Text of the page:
Tuesday, December 31, 2013

(NEWZIMBABWE, NEWZANIA) Moyo vows 75 pc local content crack down
12/11/2013 00:00:00
by NewZiana

THE government will crack down on local radio stations that fail to implement the 75-percent local music content as stipulated in the Broadcasting Services Act, a Cabinet minister has said.

Information, Media and Broadcasting Services Minister Jonathan Moyo who toured private radio station ZIFM Stereo and its subsidiary Mighty Movies Productions on Monday said local radio stations are also required to pay royalties to local artists for playing their music.

However, ZIFM Stereo manager Peggy Mvududu said radio stations were not implementing the 75-percent requirement as locally produced music "was compromised on quality."

"Most of the local music is not usable in terms of lyrics and quality. We are a commercial radio station which should attend to what our audiences want and they do not request local music," she said.

At present, ZIFM broad plays over 50 percent of local songs and music on certain selected shows.
The Broadcasting Services Act mandates all local radio stations to play 75 percent of locally produced music.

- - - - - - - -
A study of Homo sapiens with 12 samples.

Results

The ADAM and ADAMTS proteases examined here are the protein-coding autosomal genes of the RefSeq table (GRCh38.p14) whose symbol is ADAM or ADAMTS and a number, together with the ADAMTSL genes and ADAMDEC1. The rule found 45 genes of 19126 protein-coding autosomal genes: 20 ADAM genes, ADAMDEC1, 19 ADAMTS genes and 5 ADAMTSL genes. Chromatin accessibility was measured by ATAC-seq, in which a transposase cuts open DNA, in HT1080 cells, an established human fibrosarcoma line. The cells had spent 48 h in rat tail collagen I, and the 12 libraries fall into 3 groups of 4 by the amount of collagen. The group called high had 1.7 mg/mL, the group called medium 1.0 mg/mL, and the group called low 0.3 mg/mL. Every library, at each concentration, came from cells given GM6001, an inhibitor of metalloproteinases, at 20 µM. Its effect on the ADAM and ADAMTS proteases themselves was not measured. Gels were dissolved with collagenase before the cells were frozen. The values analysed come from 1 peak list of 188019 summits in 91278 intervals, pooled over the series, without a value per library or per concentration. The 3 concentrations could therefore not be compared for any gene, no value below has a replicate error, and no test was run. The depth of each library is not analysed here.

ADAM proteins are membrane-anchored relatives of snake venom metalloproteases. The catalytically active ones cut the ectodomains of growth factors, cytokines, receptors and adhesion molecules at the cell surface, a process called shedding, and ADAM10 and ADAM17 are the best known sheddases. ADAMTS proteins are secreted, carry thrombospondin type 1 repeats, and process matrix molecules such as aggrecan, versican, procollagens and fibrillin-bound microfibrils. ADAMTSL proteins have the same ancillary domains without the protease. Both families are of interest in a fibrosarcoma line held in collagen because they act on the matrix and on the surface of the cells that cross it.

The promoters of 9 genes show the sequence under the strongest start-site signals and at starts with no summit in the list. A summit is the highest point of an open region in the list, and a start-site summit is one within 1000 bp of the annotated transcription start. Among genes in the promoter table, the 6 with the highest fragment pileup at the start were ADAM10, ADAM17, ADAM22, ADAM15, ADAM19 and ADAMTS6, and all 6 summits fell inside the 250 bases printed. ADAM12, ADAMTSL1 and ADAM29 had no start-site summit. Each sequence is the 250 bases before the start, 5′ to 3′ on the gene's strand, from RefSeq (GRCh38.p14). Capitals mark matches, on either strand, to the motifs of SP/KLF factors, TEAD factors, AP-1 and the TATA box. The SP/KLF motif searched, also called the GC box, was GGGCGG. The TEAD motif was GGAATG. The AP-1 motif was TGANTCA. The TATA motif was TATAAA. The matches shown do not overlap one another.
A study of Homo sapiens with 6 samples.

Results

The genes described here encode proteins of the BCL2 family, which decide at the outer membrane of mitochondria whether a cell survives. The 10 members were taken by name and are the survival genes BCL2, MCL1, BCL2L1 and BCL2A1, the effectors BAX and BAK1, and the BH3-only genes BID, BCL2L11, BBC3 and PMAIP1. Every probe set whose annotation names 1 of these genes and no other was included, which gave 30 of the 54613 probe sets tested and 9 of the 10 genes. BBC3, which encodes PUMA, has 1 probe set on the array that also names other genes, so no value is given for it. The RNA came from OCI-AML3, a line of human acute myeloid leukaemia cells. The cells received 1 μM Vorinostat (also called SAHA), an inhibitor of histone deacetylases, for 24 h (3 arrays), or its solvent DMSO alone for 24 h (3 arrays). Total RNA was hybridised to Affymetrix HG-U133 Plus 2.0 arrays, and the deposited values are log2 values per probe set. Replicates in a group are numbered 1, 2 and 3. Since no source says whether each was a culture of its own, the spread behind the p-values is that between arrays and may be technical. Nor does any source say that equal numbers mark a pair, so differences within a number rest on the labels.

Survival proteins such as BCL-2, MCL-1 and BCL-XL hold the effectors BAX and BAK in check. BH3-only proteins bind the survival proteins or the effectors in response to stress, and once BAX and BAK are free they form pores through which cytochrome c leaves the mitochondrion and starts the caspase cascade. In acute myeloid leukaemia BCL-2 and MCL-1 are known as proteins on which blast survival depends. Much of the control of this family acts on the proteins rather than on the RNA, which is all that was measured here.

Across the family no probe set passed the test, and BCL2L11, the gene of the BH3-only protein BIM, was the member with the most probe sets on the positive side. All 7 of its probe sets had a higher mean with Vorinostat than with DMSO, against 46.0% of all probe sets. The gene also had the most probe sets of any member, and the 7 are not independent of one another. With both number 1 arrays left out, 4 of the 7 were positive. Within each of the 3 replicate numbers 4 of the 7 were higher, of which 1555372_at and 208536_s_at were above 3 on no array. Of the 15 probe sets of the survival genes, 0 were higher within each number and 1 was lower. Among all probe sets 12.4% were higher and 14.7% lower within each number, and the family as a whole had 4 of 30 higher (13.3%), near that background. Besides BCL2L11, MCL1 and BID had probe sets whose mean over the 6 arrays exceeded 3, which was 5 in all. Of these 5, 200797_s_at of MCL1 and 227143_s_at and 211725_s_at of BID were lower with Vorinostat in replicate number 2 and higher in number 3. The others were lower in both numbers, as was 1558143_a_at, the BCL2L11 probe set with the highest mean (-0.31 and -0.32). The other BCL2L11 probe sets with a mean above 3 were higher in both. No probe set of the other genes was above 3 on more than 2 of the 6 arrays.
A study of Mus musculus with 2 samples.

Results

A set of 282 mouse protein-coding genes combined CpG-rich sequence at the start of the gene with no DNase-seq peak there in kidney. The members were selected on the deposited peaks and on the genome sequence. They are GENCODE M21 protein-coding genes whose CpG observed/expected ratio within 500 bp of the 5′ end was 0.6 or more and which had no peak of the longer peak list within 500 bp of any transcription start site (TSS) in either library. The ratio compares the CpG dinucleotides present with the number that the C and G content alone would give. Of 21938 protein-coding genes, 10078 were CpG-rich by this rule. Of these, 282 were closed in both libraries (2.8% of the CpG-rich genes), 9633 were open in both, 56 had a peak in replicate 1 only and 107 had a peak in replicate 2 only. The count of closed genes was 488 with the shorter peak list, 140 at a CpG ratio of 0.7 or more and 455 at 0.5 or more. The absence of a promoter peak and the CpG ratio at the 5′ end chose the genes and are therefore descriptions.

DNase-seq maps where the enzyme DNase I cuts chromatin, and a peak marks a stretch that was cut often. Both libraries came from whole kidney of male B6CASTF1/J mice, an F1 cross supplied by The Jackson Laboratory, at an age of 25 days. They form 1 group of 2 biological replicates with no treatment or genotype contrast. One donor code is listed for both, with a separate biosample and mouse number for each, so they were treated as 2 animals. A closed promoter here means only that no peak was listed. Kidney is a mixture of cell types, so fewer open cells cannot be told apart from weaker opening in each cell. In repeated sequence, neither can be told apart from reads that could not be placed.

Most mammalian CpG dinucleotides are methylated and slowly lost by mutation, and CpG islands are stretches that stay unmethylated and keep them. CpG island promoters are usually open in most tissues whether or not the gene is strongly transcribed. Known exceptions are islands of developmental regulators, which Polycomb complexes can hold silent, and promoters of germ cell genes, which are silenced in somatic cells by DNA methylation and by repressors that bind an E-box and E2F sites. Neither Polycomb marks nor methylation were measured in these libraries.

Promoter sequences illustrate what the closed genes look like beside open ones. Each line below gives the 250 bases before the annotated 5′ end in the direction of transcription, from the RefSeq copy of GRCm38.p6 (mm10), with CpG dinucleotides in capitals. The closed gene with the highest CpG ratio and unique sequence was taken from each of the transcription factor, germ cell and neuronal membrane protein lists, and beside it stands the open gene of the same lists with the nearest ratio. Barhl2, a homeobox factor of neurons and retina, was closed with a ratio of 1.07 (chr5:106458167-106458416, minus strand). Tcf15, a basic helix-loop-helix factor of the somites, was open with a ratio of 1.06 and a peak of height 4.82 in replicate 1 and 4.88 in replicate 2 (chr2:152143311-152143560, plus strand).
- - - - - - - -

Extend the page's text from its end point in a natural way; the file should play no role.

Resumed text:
Moyo insisted that radio stations adhere to the legal requirement and "stop giving excuses on music quality" when they were "not doing anything to help artists produce audible music."
"We will not accept them complaining to justify not meeting the requirement,” he said.

“We will legislate to punish them. We will punish the organisations that have the privilege to broadcast which only want to give excuses that there is no quality so they are not playing (local music.”

The minister said the local content requirement would also help curb piracy which is crippling the creative industry, and urged local musicians to produce music "that could be played on radio stations".

"The musicians must up their game in terms of producing songs that are of commercial standards, commercial quality. We would make ourselves a laughing stock if the stations should play anything because it is produced by a Zimbabwean," he said.